First, the facts:
Author: Sabrina Gschwandtner (founder of KnitKnit magazine).
Published by: HNA Books, 2007
Type: Designers, with some patterns–Inspiration, really.
1. Introduction • 2. Lisa Anne Auerback • 3. Anna Bell • 4. Isabel Berglund • 5. Risto Bimbiloski • 6. Wenlan Chia • 7. Dave Cole • 8. Liz Collins • 9. Jim Drain • 10. Teva Durham • 11. Norah Gaughan • 12. David Gentzsch • 13. Aimee Hagerty Johnson • 14. Joelle Hoverson • 15. Erika Knight • 16. Knitta • 17. Catherine Lowe • 18. Bridget Marrin • 19. Tina Marrin • 20. Rachael Matthews • 21. Cat Mazza • 22. Mandy McIntosh • 23. Althea Merback • 24. Annie Modesitt • 25. Debbie New • 26. Eugene Ong • 27. • Freddie Robins • 28. Beryl Tsang
Pattern Size Range: Um… hard to say!
The In-Depth Look:
I wanted to review this book because it seems like it flew under most knitters’ radar when it came out last year–probably because it’s wholly unique.
Primarily, this is a collection of designers. Not the designs, mind you, the designers.
The author says in the introduction: “The people in this book are not the only creative people working with knitting today, but are the ones who I have come to know and work with through KnitKnit, the knitters I have long admired who were available to take part in the project, or the knitters I found through a very pleasant research process.”
So, this isn’t really the kind of book you pick up because you want a knitting pattern–although there are definitely some good ones in here. (I bought it myself for Anna Bell’s Bridie cardigan pattern.)
What you DO buy this book for is sheer inspiration.
Every chapter is devoted to a specific knitting artist. It tells a little about him or her, visits their home, shows pictures of their workspace, or some of their more well-known projects. Like, Dave Cole’s knitted American flag constructed by John Deere excavator machines. Or Beryl Tsang’s knitted prosthetic breasts for breast cancer survivors. Or Althea Merback’s microscopic knitting which is astounding not so much because it’s so small (gloves the size of a dime), but because it is so detailed and so small. And I’m still flabbergasted at Debbie New’s knitted, functional coracle boat.
Clearly, this book isn’t limiting itself to knitted sweaters and socks and baby booties. No, this book explores the possiblities of knitting.
To quote the author again, “This book is not just a presentation of knitters and their projects; it is also a profile of a medium as it exists today. Knitting can be clothing, gift, sculpture, therapy, protest, graffiti, or performance … you chose.”
Yep. That pretty much sums it up!
Am I going to rush right out to my local hardware store to buy enough insulation to knit the Fiberglass Teddy Bear? Um, no–though the pattern is thoughtfully provided. I really don’t have the storage space for the 362 rolls of fiberglass insulation required. But the concept? It just blows me away–the sheer creativity to think of doing that.
I don’t really think I’m going to knit new walls for my bedroom, either, like Isabel Berglund did (though, think about how warm it must be in the winter!). My car doesn’t even have an antenna for one of Knitty’s Antenna Cozies. So, really, a lot of the included projects are just a little … impractical.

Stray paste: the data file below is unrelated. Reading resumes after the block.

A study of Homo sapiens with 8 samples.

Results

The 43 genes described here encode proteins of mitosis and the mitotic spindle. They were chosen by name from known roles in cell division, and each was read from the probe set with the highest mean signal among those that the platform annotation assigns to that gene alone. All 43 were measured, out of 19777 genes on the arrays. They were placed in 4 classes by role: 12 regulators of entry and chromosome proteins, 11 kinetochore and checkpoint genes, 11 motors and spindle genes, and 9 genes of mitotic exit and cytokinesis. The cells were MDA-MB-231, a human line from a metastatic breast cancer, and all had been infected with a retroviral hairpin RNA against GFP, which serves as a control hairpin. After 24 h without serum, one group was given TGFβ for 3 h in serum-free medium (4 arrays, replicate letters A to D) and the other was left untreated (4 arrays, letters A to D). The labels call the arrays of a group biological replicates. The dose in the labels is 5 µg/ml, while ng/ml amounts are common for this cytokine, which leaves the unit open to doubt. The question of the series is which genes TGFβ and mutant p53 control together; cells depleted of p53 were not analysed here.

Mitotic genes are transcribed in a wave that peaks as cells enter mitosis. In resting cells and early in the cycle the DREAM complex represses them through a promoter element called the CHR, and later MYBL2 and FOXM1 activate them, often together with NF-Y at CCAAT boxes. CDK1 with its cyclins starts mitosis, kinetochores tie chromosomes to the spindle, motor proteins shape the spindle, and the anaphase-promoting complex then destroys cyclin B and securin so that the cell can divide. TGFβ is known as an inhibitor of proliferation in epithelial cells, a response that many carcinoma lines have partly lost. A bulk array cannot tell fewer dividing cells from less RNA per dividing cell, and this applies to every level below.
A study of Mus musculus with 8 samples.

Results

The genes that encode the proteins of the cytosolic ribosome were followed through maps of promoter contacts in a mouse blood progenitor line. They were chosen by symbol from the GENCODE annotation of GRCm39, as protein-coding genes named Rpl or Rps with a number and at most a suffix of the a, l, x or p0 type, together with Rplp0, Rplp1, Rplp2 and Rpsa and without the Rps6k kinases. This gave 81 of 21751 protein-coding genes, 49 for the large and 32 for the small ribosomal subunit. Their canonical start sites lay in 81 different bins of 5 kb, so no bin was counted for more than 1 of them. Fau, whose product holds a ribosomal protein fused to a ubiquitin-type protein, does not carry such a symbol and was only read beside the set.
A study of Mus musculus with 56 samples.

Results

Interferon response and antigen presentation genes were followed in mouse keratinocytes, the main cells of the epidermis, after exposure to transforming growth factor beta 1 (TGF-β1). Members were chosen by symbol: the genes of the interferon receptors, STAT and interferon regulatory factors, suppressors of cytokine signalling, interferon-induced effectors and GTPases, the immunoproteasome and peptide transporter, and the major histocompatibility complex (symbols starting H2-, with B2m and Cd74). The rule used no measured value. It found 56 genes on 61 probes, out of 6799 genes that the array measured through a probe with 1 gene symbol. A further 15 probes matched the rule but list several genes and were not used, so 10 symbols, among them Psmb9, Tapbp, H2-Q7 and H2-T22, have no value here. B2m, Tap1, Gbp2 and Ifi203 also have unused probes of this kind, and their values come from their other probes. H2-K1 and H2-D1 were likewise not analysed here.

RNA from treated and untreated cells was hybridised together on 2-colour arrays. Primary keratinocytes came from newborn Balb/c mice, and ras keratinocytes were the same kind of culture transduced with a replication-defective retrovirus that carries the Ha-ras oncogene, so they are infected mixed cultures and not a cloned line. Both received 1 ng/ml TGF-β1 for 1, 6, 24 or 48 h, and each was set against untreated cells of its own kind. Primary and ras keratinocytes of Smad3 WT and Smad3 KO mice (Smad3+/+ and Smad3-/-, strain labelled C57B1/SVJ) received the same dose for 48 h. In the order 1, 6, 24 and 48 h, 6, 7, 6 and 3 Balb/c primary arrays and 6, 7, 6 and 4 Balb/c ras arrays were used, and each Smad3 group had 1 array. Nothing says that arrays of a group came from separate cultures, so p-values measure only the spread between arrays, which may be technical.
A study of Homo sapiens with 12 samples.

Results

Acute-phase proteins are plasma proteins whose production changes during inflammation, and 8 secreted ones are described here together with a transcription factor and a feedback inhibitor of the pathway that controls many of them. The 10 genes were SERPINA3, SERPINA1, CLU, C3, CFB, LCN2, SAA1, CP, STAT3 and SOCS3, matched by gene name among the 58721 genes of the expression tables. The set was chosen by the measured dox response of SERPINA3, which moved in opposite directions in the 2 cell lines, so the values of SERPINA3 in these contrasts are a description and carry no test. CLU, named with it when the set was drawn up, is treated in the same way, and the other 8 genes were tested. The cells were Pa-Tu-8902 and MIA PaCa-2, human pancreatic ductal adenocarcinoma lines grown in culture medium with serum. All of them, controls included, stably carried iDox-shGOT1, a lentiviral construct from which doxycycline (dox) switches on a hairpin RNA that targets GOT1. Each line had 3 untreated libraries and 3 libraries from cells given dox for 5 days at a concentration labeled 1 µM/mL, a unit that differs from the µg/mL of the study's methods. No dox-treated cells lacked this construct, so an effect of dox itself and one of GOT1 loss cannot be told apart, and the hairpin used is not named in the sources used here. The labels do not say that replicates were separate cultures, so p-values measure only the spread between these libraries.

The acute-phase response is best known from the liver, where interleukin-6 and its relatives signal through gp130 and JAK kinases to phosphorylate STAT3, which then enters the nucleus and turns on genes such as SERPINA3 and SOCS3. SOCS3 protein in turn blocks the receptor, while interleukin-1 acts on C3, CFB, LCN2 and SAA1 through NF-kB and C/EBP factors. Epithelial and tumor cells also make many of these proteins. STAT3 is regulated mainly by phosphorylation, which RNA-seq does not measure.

But … just knowing that the possibilities are there somehow makes me feel braver about my knitting. We can talk all we want, these days, about “Knitting isn’t just for grandmothers anymore. It’s hip. It’s cool. It’s trendy!” But still, most of us stick to making things that our grandmothers would at least recognize. These designers, though, are not only pushing the boundaries, they’ve blasted them wide open–which can only be a good thing for those of us who are generally happy making mittens and hats and other familiar things.
Books like this make me more open to the wealth of possibilities–make me aware of possibilities I hadn’t even realized existed.
Okay, so what about patterns that don’t require forklifts, large empty rooms, and industrial equipment?
Well, this book has those, too. There are definitely patterns in here for those of us whose knitting vision isn’t quite so … advanced.
I already said how much I liked Bridie by Anna Bell–a slim little asymmetrical cardigan that I’d like to knit one of these days. Lisa Anne Auerbach’s Geodesic Hat is a creative use of triangles (and much more practical than a geodesic dome for a house). I like Norah Gaughan’s Missing Piece Hobo Bag, but then, her knitting architecture is always intersting. Joelle Hoverson’s “Favorite Yoke Sweater” is a pretty, cap-sleeved confection, and who wouldn’t want a pair of knitted boxing gloves, or to fill their closet with knitted ankle boots?
The top made out of old stockings, though? Um…
Ultimately, this book is about Knitting-As-Art, and it does it very, very well. Some of the projects and designers are a little too avant garde for my taste, though. (I never claimed to be an enlightened art appreciator.) But as a trigger to expand my knitting possibilities and explode my sense of adventure? That’s never a bad thing.
KnitKnits is selling for $19.77 over at Amazon.